Wait, What? Millennials Better Prepared for Retirement than Their Parents

Group retirement satisfaction study evaluates participant satisfaction, goal-setting and savings trends among 401k plan participants

401k, millennials, retirement, spendingAnd here we thought they were always spending.

We’ll admit that at this point we’re confused. Seemingly contradictory studies are released on a weekly basis that peg Millennials at either flush and retiring at 40 or destitute slackers forever in Mom’s basement.

The latest, from J.D. Power, leans towards the former, and rates the younger generation as “best prepared for retirement.” That’s not a superlative one might expect to describe Millennials, but according to the study released today, it’s true.

Its “2018 Group Retirement Satisfaction Study Millennials” finds they’re most likely of all demographic groups to have set specific retirement goals and have the highest amount of savings—relative to age—in group retirement plans.

The inaugural study evaluates participant satisfaction with providers of group retirement plans, such as 401ks, based on six factors: interaction across live and digital channels; investment and service offerings; fees and expenses; plan features; information resources; and communications. Plan providers are ranked in three categories based on their overall mix of business in terms of average plan size.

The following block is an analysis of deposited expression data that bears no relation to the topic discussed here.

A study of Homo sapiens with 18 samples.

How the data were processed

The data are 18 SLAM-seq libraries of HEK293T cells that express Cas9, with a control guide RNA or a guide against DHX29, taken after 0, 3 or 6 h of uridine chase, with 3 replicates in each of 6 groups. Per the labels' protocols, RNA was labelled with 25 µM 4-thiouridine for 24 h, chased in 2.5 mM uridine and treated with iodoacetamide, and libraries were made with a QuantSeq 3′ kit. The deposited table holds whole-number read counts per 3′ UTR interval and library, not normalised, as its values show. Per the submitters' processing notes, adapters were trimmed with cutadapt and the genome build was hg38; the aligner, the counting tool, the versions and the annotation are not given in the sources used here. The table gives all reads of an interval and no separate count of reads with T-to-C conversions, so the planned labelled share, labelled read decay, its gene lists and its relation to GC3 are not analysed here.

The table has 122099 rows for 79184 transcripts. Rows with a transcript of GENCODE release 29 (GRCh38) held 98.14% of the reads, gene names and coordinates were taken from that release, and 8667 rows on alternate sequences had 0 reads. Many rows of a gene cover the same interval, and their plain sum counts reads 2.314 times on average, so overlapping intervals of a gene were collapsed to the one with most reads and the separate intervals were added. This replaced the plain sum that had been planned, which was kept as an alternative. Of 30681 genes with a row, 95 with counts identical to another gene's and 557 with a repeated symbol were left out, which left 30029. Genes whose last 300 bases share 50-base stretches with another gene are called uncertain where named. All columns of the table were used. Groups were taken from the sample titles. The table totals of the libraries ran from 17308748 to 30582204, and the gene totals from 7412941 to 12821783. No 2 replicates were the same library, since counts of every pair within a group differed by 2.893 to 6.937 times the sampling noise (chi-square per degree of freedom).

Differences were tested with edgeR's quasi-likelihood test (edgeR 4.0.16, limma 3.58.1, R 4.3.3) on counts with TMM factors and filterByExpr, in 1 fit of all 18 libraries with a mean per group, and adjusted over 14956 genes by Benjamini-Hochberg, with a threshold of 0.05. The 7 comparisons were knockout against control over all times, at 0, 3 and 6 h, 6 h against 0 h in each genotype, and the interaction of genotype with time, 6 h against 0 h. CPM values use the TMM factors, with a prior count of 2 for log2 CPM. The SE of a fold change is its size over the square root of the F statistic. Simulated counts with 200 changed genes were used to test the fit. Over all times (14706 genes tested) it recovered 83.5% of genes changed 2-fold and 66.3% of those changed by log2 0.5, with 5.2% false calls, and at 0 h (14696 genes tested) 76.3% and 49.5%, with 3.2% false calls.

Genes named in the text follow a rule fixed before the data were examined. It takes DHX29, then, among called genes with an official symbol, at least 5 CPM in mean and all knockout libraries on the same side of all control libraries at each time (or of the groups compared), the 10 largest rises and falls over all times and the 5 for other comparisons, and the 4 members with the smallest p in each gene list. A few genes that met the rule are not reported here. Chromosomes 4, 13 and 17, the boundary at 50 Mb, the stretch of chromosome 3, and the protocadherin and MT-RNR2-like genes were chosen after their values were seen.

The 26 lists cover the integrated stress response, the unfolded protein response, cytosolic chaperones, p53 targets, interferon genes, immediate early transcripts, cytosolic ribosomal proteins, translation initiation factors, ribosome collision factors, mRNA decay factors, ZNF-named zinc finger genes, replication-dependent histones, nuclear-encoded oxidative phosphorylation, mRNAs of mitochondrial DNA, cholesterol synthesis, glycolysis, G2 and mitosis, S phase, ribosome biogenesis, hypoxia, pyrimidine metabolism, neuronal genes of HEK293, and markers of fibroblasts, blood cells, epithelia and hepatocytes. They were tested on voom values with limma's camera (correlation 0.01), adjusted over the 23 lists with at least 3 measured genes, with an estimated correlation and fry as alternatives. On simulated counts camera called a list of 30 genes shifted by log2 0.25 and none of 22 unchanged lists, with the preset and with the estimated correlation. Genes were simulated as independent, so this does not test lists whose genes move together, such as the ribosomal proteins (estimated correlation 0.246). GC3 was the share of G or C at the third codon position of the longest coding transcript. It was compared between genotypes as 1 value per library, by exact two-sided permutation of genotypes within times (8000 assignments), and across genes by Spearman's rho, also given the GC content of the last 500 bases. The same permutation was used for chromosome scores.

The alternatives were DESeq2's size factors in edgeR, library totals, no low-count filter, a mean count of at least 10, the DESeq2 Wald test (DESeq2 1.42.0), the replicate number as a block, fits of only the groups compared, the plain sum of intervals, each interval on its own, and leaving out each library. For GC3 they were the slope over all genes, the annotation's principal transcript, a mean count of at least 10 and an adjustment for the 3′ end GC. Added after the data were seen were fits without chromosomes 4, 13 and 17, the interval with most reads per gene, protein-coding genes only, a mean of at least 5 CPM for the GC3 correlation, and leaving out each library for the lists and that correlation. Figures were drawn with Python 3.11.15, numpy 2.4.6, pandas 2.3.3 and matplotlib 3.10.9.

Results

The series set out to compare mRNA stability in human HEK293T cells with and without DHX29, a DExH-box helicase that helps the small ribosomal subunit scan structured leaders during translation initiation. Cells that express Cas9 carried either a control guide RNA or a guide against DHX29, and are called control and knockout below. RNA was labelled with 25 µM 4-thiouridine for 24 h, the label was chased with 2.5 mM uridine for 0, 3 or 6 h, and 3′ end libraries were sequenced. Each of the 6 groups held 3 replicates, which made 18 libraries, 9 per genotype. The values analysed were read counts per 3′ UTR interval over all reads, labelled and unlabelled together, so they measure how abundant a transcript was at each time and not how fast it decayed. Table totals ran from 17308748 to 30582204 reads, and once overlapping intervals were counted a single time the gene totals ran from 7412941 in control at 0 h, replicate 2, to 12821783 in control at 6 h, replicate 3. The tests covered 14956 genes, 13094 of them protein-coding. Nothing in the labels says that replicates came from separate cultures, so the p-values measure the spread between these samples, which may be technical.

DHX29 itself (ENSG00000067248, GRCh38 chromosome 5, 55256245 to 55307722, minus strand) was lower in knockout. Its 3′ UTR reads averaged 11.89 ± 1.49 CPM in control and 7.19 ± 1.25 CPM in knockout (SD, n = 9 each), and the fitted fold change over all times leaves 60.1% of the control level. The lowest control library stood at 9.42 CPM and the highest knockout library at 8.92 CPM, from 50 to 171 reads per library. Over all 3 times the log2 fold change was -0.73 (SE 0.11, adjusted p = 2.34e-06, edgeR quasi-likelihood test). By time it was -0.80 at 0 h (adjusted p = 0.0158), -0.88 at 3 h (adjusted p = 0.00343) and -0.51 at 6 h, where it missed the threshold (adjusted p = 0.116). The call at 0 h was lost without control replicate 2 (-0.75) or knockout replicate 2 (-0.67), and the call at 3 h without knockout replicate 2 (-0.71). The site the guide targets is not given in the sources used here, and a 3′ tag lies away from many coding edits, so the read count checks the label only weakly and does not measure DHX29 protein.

“The fact that many in the youngest generation of plan participants are actively preparing for retirement now sends a clear message to providers,” said Mike Foy, Senior Director of the Wealth Management Practice at J.D. Power. “They need to be focused on upping their game on their digital and mobile offerings to meet the expectations of this digitally engaged customer segment, not only to help differentiate themselves with plan sponsors who make provider selection decisions on behalf of the employees, but to position themselves to benefit from rollover events when employees eventually leave their jobs.”

With roughly $5.3 trillion in wealth currently sitting in 401k plans, he adds, “getting the group plan participant satisfaction formula right now is crucial for the future of the wealth management industry.”

Other highlight include:

  • Yes, Millennials are most prepared for retirement: Among all generations of group retirement plan members, 51 percent of Millennials have set specific retirement goals, compared with just 44 percent among both Gen X and Boomer participants. Of the 51 percent of Millennials who have set goals, 83 percent say they believe they are on track to meet them.
  • Boomers missing the mark: Nearly two-thirds (61 percent) of Millennials have at least $25,000 in total retirement savings, and 27 percent of them have more than $100,000, with an average of 30-35 years before retirement. By contrast, 75 percent of Boomers have more than $100,000 in savings with an average of just three years until retirement age. The average Boomer will hit age 65 with just 3.4 years of current income saved, far short of the 10 years some experts recommend.
  • Just one-fifth of 401k participants plan to roll over to current plan providers: While there is an enormous “money in motion” opportunity looming, just 20 percent of current group plan participants say they “definitely will” roll over those assets to their current plan provider in the future. However, when plan participants are digitally engaged, aware of guidance and education resources, and experience transparency around fees, the likelihood that they will roll over their assets to their group plan provider increases to 48 percent.